17 May 1996

Cereal starch – new outlets

By Amanda Dunn

A SHROPSHIRE farm has produced what is believed to be a record crop of timothy grass seed.

After cleaning and processing, a total of 450kg/ha (9cwt/acre) of seed quality Promesse was turned out by Elwyn and Margaret Jones, of The Haim, Llandrinio. The crop was grown on contract for seed merchant Ridleys Seeds.

"The yield was exceptional, almost double the average one would expect for this variety, with good germination (96%) and purity standards (99.85%) also achieved," explains Eddie Budd, senior technical officer of the seed production department at the National Institute of Agricultural Botany.

Mr and Mrs Jones have produced grass seed at their 100ha (250-acre) farm for more than 50 years. The medium loam, grade two land is on the Shropshire/Powys border.

The 4.45ha (11-acre) field, originally sown in 1990 at 3.5kg/ha, received no special attention. However Chris Hoff, managing director of Ridleys Seeds, believes the Jones care and professional approach to seed production largely contributed to the yield.

Their husbandry includes using lambs to graze off late summer growth before applying autumn weed control. "We use a mixture of TCA (3kg/ha) and Nortron (3 litres/ha) for meadow grass and other weeds," explains Mr Jones. Treatment timing gets particular attention. The chemical approach is complemented by hand weeding in the spring to remove rogues.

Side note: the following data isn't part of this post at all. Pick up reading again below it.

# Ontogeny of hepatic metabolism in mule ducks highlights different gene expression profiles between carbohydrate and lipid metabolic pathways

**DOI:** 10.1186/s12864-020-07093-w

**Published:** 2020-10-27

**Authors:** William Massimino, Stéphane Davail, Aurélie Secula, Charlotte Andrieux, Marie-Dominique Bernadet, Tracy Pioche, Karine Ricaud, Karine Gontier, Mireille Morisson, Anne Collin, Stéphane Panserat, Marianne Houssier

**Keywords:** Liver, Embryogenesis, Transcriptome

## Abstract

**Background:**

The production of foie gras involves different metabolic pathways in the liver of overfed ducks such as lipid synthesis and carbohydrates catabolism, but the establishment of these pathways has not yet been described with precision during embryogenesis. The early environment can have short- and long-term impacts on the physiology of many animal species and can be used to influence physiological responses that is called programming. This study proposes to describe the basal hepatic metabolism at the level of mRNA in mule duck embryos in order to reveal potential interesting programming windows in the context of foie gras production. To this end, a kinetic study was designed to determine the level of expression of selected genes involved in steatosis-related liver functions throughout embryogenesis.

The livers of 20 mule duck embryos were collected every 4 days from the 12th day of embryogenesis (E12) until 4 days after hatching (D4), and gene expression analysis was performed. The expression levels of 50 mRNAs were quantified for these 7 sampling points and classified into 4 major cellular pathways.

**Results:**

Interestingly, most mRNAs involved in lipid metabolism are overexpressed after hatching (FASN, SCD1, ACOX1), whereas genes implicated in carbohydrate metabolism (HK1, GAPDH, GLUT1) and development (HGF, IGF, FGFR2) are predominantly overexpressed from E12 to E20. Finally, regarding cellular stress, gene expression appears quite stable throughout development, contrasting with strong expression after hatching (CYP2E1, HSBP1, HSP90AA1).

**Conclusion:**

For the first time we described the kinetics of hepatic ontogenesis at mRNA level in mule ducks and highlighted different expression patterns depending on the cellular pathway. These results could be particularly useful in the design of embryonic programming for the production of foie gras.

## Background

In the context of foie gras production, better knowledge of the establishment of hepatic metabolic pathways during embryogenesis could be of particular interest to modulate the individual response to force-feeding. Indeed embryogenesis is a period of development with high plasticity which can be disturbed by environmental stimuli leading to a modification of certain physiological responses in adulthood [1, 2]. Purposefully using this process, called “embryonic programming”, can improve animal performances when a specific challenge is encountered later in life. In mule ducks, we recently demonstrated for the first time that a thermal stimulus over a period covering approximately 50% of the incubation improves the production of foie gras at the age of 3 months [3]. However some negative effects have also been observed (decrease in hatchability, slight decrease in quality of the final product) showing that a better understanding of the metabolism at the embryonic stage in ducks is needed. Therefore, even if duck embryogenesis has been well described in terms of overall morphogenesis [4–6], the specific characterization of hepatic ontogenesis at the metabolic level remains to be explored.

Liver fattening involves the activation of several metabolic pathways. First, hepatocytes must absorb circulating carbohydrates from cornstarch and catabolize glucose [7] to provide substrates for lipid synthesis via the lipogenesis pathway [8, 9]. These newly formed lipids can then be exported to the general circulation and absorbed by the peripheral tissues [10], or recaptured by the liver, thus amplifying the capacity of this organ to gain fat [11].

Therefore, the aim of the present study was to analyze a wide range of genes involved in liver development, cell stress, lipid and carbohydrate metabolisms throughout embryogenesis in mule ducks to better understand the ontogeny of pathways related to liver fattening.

While good husbandry and careful management of the crop is important, Mr Jones believes the extraordinary harvesting conditions last year mainly account for the impressive output.

"We use the traditional method of swathing and wilting, prior to threshing." He believes this offers more control over the harvesting process than direct combining.

The crop was swathed at the end of the first week of August, wilted for 14 days and then combined at 20% moisture.

Combine setup and timing of threshing is crucial to maximise the amount of seed gathered, he adds. "Its always something of a compromise, as you can never be sure of getting the whole seed head.

"This time we swathed a little earlier than usual, sacrificing the seed that is lower in the head rather than losing the higher seed through over-maturity. It seems to have worked, looking at the yield we achieved."